Commonwealth Bank says it is committed to Australia’s economic recovery despite super low interest rates battering the institution’s bottom line.
Releasing its interim results for the first half of the 2021 financial year, CBA posted a $3.89bn cash profit, a 10.8 per cent decline on the same period last year.
The bank noted increased provisions because of COVID-19 and significantly lower interest rate settings had impacted the nation’s largest mortgage lender.
Loan impairment expense provisions increased $233m over the first half of financial year 2021, while the amount cast aside for loan losses rose from $6.4bn to $6.8bn as a result of ongoing virus risks.
CBA chief executive Matt Comyn said the outlook remained “positive”; however, further health and economic risks associated with the pandemic could impact operating conditions.
“We are prepared for a range of scenarios and have taken a careful approach to provisioning,” Mr Comyn said.
“We also continue to monitor our lending portfolios closely for any signs of stress. The low interest rate environment will continue to put pressure on our revenue, which is why we remain focused on performance, operational execution and capital allocation.”
Mr Comyn during a press conference said the tapering of JobKeeper at the end of March would lead to a rise in economic risks and bump up the prospect of future credit losses.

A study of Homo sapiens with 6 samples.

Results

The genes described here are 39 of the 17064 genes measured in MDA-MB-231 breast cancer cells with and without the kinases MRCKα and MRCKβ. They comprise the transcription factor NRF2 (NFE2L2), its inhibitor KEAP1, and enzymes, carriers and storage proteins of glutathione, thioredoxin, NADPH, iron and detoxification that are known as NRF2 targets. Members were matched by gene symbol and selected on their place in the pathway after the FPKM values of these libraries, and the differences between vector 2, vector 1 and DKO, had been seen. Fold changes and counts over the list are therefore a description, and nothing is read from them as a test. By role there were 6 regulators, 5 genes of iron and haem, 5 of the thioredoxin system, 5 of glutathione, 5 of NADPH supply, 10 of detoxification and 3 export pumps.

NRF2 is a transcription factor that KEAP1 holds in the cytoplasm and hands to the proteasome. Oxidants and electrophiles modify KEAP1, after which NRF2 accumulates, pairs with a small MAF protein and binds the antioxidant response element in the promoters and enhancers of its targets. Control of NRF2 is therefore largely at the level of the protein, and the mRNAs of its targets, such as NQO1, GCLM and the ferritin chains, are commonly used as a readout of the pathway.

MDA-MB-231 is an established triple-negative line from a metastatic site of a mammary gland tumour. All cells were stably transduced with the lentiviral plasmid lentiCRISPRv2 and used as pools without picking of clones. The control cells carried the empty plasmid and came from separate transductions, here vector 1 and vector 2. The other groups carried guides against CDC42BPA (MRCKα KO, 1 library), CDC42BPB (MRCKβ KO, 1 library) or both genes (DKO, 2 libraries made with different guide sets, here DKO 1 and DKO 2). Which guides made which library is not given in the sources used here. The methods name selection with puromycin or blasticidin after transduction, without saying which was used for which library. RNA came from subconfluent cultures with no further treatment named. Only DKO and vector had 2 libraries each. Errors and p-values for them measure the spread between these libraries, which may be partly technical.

“There is a range of different variables we consider,” he said. “JobKeeper is certainly an input into that.”
The bank also noted its new zero interest Neo card made up almost a third of new credit card approvals over the December quarter.
Operating income for the period was down 0.5 per cent to $11.96bn partly because of a pressured net interest margin during the economic downturn.
Despite the slump, CBA shareholders received a 53 per cent jump in their interim dividend to $1.50 per share fully franked.
Dividends during 2020 were limited due to guidance set by the Australian Prudential Regulation Authority, which said banks must retain at least 50 per cent of statutory profit for financial resilience during the virus crisis.
The low interest rate environment has also impacted the bank’s net interest margin by 10 basis points compared with the first half of the last financial year. It now sits at 2.01 per cent.
The bank said net interest income was broadly flat over the period despite increases in both housing and business lending.
CBA said further headwinds on the net interest margin would occur during the remainder of the year.
The bank’s common equity tier 1 (CET1) ratio improved 100 basis points on the second half of the last financial year to 12.6 per cent due to “strong organic capital generation” and benefits from divestments, including the sale of its insurance business.
CET1 is a financial metric to show how well capitalised a bank is. The ratio has to be above APRA’s “unquestionably strong” benchmark of 10.5 per cent.
The bank also noted deposit volumes continued to grow, while operating expenses over the period rose 2.3 per cent.